As our clients, readers and well-wishers would know, we at Marcellus tend to be prolific in expressing our thoughts in our newsletters and blogs. And the writing is partly to be transparent with our clients who have reposed their faith in us, but also to drive our own clarity of thought and subject ourselves to scrutiny that helps refine our approach to managing money better. Among other investment management firms who write, we admire Nomad Investment Partnership who shared their newsletters to clients earlier this year revealing their wealth of insight and knowledge and in turn enriching all of us.
This is a really long read, perhaps over several weeks as it includes all of Nomad’s letters from 2001 to 2014. But this para from its introduction sets the tone:
“Investing is a wonderful, thoughtful, adventure but it can also be self-centered, a tendency that can be reinforced by the wealth that can follow. We think it is true that, once past X-amount, real meaning comes with reinvesting in society through charitable giving, which can also be a thoughtful, challenging, wonderful adventure, but with the added bonus that it feels like the world working properly. We hope that you can join us.”
Whilst there are lots of nuggets of wisdom throughout the letters, some of our favorites – one on ‘active investing’:
“One common psychological trap that agents may fall into is that clients expect action, or to be more accurate, fund managers expect their clients to expect action! The investor Seth Klarman was once challenged on whether Buffett’s track record was statistically significant as he traded so little? To which Klarman answered that each day Buffett chose not to do anything was a decision, too. It is quite possible that we may not change the companies we have invested very much over the next few years.”
“There are, broadly two ways to behave as an investor. First buy something cheap in anticipation of a price rise, sell at a profit, and repeat. Almost everybody does this to some extent. And for some fund managers it requires, depending on the number of shares in a portfolio and the time they are held, perhaps many hundred decisions a year. Alternatively, the second way to invest is to buy shares in great businesses at a reasonable price and let the business grow. This appears to require just one decision (to buy the shares) but, in reality, it requires daily decisions not to sell the shares as well! Almost no one does this, in part because it requires patience.”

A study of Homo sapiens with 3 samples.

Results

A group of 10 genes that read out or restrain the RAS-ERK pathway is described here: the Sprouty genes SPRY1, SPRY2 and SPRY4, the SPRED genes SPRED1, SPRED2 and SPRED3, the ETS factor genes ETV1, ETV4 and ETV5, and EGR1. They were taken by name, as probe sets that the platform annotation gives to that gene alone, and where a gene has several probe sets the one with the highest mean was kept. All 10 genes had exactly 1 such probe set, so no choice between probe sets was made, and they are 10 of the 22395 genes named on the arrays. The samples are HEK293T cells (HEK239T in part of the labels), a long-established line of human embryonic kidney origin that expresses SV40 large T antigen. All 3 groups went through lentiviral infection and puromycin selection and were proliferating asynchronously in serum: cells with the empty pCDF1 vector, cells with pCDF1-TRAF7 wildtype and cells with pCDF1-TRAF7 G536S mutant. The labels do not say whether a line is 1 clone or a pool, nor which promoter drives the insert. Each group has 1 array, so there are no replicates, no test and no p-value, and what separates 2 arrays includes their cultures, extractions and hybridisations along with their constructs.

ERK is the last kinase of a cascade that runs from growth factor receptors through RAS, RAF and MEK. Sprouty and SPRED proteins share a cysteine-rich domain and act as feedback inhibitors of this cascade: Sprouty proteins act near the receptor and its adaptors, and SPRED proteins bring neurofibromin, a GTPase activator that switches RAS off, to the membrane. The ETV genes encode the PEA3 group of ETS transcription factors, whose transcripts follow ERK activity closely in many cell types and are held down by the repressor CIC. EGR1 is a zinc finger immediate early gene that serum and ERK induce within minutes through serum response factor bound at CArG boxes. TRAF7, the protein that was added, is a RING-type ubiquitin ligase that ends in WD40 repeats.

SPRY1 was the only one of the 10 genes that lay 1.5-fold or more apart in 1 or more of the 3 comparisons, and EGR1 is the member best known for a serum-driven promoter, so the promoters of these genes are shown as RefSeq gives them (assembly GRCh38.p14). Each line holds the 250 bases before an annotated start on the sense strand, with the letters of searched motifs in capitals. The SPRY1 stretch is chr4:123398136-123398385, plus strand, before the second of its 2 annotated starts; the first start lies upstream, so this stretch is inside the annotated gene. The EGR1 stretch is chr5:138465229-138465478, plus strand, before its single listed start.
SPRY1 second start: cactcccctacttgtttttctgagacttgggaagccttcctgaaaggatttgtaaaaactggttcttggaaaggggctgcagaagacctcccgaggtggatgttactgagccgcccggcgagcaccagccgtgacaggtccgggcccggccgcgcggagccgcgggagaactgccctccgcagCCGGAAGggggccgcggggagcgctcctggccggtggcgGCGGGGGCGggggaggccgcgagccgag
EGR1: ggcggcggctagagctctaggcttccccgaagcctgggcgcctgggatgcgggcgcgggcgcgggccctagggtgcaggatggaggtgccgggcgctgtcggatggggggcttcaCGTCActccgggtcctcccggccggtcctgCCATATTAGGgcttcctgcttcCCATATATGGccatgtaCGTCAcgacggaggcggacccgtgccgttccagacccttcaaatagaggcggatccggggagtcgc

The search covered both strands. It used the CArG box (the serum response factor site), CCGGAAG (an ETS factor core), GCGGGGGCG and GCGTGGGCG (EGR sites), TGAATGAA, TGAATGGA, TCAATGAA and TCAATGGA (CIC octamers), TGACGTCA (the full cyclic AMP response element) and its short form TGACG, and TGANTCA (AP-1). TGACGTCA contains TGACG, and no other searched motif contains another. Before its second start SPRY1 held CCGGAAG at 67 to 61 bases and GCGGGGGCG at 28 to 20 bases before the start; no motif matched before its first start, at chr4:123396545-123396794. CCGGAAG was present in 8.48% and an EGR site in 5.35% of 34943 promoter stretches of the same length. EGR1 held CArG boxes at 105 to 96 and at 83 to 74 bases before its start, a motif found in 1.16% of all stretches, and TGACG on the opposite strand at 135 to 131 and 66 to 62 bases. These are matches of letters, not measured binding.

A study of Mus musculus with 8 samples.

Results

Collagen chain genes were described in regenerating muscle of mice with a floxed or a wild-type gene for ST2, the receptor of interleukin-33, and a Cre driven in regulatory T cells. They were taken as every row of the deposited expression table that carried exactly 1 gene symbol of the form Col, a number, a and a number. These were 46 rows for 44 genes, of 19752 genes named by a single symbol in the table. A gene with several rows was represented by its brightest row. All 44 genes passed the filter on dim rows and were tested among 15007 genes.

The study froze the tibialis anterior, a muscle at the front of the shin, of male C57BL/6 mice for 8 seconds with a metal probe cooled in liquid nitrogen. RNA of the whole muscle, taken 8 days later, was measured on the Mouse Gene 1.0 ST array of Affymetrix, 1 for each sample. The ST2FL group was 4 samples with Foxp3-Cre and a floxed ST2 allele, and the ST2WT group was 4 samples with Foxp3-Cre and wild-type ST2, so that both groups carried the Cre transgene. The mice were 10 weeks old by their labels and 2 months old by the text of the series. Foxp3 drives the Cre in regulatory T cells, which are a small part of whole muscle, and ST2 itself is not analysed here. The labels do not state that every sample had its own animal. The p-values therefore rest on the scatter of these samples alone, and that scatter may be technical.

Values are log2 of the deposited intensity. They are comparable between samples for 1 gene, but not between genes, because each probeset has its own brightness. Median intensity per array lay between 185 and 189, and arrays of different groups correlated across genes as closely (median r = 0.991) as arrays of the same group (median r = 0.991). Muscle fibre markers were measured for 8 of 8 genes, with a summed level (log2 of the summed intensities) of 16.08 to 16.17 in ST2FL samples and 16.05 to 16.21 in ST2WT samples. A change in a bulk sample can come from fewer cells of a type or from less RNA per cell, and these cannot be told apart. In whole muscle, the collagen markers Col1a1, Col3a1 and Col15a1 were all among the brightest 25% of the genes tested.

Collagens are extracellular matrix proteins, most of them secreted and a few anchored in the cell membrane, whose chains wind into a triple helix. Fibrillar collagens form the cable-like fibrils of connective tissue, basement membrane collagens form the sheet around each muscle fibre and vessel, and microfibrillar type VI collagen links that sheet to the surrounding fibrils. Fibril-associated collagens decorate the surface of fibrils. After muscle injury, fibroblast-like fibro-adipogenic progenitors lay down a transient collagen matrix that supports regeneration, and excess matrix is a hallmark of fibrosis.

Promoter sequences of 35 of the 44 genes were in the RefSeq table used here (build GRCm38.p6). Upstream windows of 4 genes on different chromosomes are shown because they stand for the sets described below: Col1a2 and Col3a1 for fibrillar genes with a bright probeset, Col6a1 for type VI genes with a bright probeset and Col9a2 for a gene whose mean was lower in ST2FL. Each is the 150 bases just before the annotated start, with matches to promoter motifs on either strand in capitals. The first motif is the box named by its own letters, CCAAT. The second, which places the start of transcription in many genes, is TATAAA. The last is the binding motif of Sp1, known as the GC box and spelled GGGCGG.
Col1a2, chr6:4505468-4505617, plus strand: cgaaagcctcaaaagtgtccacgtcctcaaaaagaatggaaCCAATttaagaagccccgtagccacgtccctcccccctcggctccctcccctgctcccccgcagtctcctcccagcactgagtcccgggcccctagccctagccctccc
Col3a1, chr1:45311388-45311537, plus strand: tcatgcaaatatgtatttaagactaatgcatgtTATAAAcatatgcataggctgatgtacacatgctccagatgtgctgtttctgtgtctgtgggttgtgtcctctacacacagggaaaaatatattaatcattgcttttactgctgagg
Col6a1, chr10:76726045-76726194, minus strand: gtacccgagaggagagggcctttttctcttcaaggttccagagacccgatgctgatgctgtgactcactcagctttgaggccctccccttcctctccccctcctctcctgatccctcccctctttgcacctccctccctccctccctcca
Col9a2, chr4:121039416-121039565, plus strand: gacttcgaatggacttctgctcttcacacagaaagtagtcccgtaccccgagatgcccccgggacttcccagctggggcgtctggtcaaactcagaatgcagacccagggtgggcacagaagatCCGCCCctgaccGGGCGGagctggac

“The decision not to do something is still an active decision; it is just that the accountants don’t capture it. We have broadly, the businesses we want in Nomad and see little advantage to fiddling.”
“The runway ahead for our businesses may be very long indeed. Inaction on our part is counter-cultural and deliberate, and is easier said than done. Really… As Berkshire Hathaway Vice-Chairman, Charlie Munger says, you make your real money sitting on your assets!”
“Our portfolio inaction continues and we are delighted to report that purchase and sale transactions have all but ground to a halt. Our expectation is that this is a considerable source of value add!”
On concentration vs diversification:
“The church of diversification, in whose pews the professional fund management industry sits, proposes many holdings. They do this not because managers have so many insights, but so few! Diversity, in this context, is seen as insurance against any one idea being wrong. Like Darwin, we find ourselves disagreeing with the theocracy. We would propose that if knowledge is a source of value added, and few things can be known for sure, then it logically follows that owning more stocks, does not lower risk but raises it!”
“In our opinion, just a few big things in life are knowable. And it is because just a few things are knowable that Nomad has just a few investments.”
“Sam Walton did not make his money through diversifying his holdings. Nor did Gates, Carnegie, McMurtry, Rockefeller, Slim, Li Ka-shing or Buffett. Great businesses are not built that way. Indeed the portfolios of these men were, more or less, one hundred percent in one company and they did not consider it risky! Suggest that to your average fund manager.”
On why learning is endless in most fields, especially investing:
“We still have much to learn.”
“As a young(ish) man there is something slightly depressing about thinking things through for a while, arriving at a somewhat reasoned conclusion only to find that others have been there before, and years earlier. In some respects we are fifty years behind Buffett, but that’s ok, so long as the average investor is at least fifty-one years behind!”
“Discovery is one of the joys of life, and in our opinion, is one of the real thrills of the investment process; the cumulative learning that leads to what Berkshire Hathaway Vice-Chairman Charlie Munger calls ‘Worldy Wisdom’. Worldly wisdom is a good phrase for the intellectual capital with which investment decisions are made and, at the end of the day, it is the source of any superior investment results we may enjoy.”